Discussions about the economic dangers and potentials of artificial intelligence (AI) tend to center around the ability of AI to do specific, clearly-defined tasks quickly and well. This is of great concern to employees whose jobs solely revolve around doing these tasks, as they run a risk of losing their job, or at least that part of their job, to a machine in the not-so-distant future.
But what about at the management level? As the technology that allows machines to be “intelligent” gets better, will AI begin to take over the complex decision-making processes that often fall under the responsibility of management? To answer these questions, let’s consider what AI is capable of now, what experts think AI will be capable of in the future, and how these capacities may impact the decision-making process.
The current use of AI in management
Managers currently use AI to help complete specific rote tasks, as is fitting for the limited AI we now have. Administrative work like scheduling and record keeping—which can take humans an excessive amount of time to accomplish—can easily be handed over to a machine. These activities are distinct from the higher-level decision-making and creative tasks that often concern management, and indeed AI grants humans more time to focus on these issues.
That said, some decision-making tasks are already being done or informed by AI. Artificial intelligence can be relied on to make decisions when dealing with highly-structured data and clear-cut choices based on that data. This includes such areas as determining which ads are most effective, making certain financial choices, and even determining when new inventory or supplies must be reordered.
AI can collect, process, and summarize data in ways that humans never could. Many also find that AI can effectively review data for patterns that humans may miss, providing data analysis that informs managers’ decision-making processes. This is the primary benefit of using AI in decisions, as humans can either miss important information or make cognitive errors that machines can be programmed not to.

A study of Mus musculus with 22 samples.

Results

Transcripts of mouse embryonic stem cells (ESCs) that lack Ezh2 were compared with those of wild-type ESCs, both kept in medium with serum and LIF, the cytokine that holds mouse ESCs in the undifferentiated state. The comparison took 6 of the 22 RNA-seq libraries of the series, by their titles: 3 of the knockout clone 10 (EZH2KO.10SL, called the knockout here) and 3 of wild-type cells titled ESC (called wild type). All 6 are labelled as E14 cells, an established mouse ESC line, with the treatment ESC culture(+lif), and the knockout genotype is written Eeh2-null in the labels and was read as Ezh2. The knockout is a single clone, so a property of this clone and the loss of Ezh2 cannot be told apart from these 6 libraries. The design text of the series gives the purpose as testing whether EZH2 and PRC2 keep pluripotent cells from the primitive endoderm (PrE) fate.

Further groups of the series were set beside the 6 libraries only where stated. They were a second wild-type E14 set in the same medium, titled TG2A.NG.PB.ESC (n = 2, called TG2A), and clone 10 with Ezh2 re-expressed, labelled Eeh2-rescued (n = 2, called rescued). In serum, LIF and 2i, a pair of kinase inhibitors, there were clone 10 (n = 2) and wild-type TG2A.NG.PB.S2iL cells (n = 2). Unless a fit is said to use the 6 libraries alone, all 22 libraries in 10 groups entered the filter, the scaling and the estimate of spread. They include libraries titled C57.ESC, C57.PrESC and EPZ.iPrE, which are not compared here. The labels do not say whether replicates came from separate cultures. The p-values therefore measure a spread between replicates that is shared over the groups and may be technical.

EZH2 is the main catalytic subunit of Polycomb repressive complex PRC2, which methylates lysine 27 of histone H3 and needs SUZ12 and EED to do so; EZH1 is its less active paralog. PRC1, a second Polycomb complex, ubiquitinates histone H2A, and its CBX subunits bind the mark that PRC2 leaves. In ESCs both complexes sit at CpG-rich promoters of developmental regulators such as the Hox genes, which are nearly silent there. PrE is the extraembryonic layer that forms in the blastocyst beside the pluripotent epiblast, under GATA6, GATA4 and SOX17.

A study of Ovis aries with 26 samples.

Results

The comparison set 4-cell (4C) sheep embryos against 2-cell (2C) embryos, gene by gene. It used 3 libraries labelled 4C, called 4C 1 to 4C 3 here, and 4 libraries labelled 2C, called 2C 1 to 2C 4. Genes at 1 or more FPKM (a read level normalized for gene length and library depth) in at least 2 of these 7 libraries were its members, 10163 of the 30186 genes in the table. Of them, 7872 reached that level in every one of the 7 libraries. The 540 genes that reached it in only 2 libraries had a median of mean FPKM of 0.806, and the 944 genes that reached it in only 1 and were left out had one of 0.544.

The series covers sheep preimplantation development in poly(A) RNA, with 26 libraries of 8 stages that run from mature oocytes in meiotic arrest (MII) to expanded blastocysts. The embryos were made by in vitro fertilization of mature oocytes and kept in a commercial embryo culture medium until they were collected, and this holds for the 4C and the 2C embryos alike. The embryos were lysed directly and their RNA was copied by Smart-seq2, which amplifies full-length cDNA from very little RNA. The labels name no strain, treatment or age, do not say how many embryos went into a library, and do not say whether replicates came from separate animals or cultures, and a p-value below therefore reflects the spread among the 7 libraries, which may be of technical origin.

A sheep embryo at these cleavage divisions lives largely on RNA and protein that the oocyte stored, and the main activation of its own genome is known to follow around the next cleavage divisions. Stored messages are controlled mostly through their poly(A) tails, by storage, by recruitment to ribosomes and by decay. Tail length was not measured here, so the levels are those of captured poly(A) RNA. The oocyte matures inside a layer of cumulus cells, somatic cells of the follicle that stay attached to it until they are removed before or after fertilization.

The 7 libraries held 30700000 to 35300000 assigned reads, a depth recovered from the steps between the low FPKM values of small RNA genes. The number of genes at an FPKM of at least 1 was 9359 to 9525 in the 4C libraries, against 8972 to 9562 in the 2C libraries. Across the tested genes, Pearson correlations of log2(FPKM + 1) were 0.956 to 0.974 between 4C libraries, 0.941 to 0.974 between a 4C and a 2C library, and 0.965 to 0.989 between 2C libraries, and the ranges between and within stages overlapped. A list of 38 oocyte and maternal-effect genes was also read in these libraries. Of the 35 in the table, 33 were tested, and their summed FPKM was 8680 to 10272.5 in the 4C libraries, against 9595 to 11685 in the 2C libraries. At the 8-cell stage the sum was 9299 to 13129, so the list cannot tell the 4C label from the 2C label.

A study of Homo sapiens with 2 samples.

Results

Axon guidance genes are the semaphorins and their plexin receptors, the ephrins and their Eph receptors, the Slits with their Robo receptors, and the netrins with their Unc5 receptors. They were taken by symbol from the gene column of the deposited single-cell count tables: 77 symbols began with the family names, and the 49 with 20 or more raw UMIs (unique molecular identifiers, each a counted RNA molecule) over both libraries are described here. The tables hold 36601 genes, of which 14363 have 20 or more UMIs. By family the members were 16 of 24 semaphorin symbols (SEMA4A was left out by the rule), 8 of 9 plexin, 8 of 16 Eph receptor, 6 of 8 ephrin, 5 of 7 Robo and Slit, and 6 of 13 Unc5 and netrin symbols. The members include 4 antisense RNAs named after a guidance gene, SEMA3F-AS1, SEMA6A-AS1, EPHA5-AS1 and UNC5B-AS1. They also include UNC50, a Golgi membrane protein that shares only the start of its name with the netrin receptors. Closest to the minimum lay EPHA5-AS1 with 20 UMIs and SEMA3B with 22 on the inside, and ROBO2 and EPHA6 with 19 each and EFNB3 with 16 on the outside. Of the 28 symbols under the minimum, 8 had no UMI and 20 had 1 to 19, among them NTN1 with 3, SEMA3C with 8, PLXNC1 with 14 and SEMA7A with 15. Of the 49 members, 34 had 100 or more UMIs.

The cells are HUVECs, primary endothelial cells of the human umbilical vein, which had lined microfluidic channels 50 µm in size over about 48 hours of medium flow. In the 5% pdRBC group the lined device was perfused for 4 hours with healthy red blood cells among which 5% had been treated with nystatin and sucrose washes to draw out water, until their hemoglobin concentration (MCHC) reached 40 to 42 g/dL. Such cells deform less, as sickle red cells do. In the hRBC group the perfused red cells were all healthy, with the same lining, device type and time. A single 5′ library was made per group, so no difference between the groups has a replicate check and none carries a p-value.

There is a limit to this, though. As former Stitch Fix chief algorithms officer Eric Colson puts it in the Harvard Business Review:
“There are many business decisions that depend on more than just structured data. Vision statements, company strategies, corporate values, market dynamics all are examples of information that is only available in our minds and transmitted through culture and other forms of non-digital communication. This information is inaccessible to AI and extremely relevant to business decisions.”
This point seems unlikely to change in at least the near future; humans will remain the “Central Processing Unit” for many high-level decisions.
An increased role for AI in the future
While Colson advocates for combining human and machine skills in the decision-making process, might we soon reach the point where machines can go it alone at high levels? At the moment, despite the optimism of many computer scientists and the fears of many economists, a general AI capable of directly participating in decision-making processes at a human level seems to be far away. Abstract thinking remains difficult for even the most powerful machines and, perhaps most importantly, some information still cannot be digitized in a meaningful way.
Given this, a more modest estimate of where technology will be in a few years includes ever-improving but weak AI capabilities. But even if we don’t presume the eventual creation of a general AI, the ever-increasing capacities of weak AI still hint at changes to business management processes in the future. Colson mentioned several key areas where AI can currently make good decisions. All of them share the traits of using large amounts of data and an easily-defined goal. The sphere of activities this encompasses is likely to expand in the next few years while remaining tied to concrete actions.
Colson’s proposed model of decision-making in areas where machines can’t, or perhaps shouldn’t, work alone places machines first, giving them access to large amounts of raw data which they can use to model possible options for executives and decision-makers to choose between and act upon. Humans, with their ability to see beyond the cold rationality of AI and to include variables such as values in their thinking, would select from the presented choices or work from them when making a large decision.
In a sense, a more advanced version of this could be the “Goldilocks” outcome. One where machines do some of the work for us, but not all of it. Where human touches and abilities are still applied to executive decisions, but augmented by the increased accuracy of information offered by AI data processing. This outcome does require, however, that people are willing to work with technology in new ways, and to understand what management leaders and machines are good, and not good, at doing. A step that many will find difficult at first, but impossible to avoid taking in the long run.
Visions of machines making executive decisions are still far away. Leaders hoping to incorporate AI into their decision-making processes will have to be content with using AI to augment, rather than replace, humans. While this might not be the technological utopia some had wished for, it does offer opportunities for improved management, less wasted time, and the ability to combine what humans and machines both do best.